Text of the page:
Photo by George Lauby
Senate candidate Bob Kerrey braved criticism Monday, announcing a plan to reform Social Security and help put the U.S. “on a sustainable path toward a balanced budget.”
Kerrey's plan would cut some benefits but increase benefits for the most vulnerable. He announced the proposal at an Omaha press conference. It would solidify social security for at least 75 years.
Kerrey, 68, said reforming "entitlements" such as social security, medicare and medicaid are difficult but absolutely necessary to bring the budget into balance.
“As a fiscally conservative Democrat, I believe I can contribute to getting this done,” he said. “I became a candidate for the Senate because I believe I can contribute to a bipartisan Congressional agreement.”
“Nothing will do more to improve consumer, business and investor confidence,” he said.
Kerrey is prepared to take criticism for advocating specific Social Security reforms during the campaign.
“It’s controversial,” he said. “You present a target. That’s why no one (in Congress) is currently sponsoring a solution.”
Kerrey said that Democrats in particular should lead on this issue, and he told the Bulletin that doesn’t want to run under false pretenses.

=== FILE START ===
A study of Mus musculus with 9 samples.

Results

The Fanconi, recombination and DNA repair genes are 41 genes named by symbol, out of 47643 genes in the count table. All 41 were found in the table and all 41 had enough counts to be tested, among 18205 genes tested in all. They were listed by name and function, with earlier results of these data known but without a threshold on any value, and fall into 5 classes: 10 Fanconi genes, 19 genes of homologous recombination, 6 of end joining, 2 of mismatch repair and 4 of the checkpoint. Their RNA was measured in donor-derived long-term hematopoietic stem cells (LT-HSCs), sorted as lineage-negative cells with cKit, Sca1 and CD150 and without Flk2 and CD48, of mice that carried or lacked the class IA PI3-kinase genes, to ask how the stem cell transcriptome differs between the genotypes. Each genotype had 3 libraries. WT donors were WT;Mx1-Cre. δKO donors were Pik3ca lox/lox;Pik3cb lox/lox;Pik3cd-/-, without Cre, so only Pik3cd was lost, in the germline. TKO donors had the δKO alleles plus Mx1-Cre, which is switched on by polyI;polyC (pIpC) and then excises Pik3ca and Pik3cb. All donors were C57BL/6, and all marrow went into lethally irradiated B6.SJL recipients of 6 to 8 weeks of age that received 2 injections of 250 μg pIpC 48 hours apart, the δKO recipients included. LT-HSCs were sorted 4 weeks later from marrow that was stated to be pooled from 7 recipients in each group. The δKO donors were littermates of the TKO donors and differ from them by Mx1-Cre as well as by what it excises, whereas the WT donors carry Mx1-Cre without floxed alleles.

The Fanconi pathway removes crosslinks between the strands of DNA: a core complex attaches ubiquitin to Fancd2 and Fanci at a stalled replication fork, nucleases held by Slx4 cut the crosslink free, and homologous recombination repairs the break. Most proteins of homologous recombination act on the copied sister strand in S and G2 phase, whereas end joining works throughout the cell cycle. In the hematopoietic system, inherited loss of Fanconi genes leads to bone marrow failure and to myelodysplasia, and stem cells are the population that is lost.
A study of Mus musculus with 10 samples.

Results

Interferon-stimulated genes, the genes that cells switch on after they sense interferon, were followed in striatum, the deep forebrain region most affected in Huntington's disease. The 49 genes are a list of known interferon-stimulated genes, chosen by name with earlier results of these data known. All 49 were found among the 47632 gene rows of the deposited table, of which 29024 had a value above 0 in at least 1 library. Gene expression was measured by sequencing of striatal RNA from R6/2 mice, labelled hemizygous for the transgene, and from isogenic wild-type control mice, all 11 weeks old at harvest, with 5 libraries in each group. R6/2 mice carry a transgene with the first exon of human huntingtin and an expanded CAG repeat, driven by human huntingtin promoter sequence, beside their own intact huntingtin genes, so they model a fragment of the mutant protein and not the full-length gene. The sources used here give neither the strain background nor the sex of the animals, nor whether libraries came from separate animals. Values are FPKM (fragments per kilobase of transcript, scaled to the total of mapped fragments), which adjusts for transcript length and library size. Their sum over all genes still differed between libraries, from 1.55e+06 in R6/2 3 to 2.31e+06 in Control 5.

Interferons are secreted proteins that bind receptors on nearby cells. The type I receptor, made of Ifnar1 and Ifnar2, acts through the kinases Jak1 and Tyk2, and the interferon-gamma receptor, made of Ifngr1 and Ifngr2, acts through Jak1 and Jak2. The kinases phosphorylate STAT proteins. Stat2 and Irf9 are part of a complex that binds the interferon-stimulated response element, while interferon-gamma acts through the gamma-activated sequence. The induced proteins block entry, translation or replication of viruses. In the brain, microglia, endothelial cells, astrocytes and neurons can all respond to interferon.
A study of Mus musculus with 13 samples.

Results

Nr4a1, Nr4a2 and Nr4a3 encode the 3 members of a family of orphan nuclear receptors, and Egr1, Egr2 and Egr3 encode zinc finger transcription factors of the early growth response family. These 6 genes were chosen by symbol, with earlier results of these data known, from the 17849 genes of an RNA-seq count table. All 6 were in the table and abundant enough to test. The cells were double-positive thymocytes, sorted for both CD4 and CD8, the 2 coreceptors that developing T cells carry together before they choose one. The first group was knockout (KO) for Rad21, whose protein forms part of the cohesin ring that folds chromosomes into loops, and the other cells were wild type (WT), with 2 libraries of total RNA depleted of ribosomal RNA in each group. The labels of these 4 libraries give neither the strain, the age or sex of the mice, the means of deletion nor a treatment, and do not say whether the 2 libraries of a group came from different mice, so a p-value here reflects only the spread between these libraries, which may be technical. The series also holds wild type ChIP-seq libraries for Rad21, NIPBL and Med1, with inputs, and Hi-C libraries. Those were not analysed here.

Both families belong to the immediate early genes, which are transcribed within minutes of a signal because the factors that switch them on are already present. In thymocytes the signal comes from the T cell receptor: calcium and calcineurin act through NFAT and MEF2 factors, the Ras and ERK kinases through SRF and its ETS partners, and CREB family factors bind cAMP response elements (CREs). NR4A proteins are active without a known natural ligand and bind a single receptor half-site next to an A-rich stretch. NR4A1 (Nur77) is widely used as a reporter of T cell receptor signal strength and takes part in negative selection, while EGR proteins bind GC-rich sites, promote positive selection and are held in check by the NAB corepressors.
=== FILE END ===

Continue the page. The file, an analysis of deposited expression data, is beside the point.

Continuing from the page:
The plan would:
• Gradually increase the age that people receive normal payments from 67 to 69 by 2075.
• Collect social security taxes on incomes above $106,000 a year, which are currently exempt.
• Create a hardship exemption by which people age 62 would receive benefits if they cannot work.
Increase payments up to 5 percent for elderly who live into their late 80s. Also, increase payments up to 5 percent for the long-term disabled.
• Slightly slow the rate at which social security benefits grow, by adjusting the way the consumer price index is tied to rates.
• Gradually put state and local government employees who have a separate pension plan into the social security program. The change would begin in 2020. State and local employees hired then and thereafter would pay into the Social Security plan.
• Put all three social security funds together – old age, survivor’s and disability.
• Crack down on fraud, such as able bodied people who receive social security disability payments. Social Security overpayments amounted to $1.4 billion in 2010, Kerrey said.
• Add another bracket for recipients, so higher income recipients receive a little less social security benefits.
Kerrey studied Social Security reform in depth in the 1990s, when he co-chaired a national commission as a Senator.
Kerrey said opponent Deb Fischer tied her own hands by taking the Grover Norquist pledge to “oppose any and all efforts to increase the marginal income tax rate for individuals and business."
The Norquist pledge also opposes "any net reduction or elimination of deductions and credits, unless matched dollar for dollar by further reducing tax rates.”
That means she would not support collecting social security taxes on incomes above $106,000, Kerrey said.
“You have to have the guts to cut spending and raise taxes,” he said.
Fischer was quick to criticize Kerrey's plan Tuesday. She noted that it includes higher taxes for those who make more than $106,000 a year, and Kerrey has said he does not favor more taxes on "the middle class."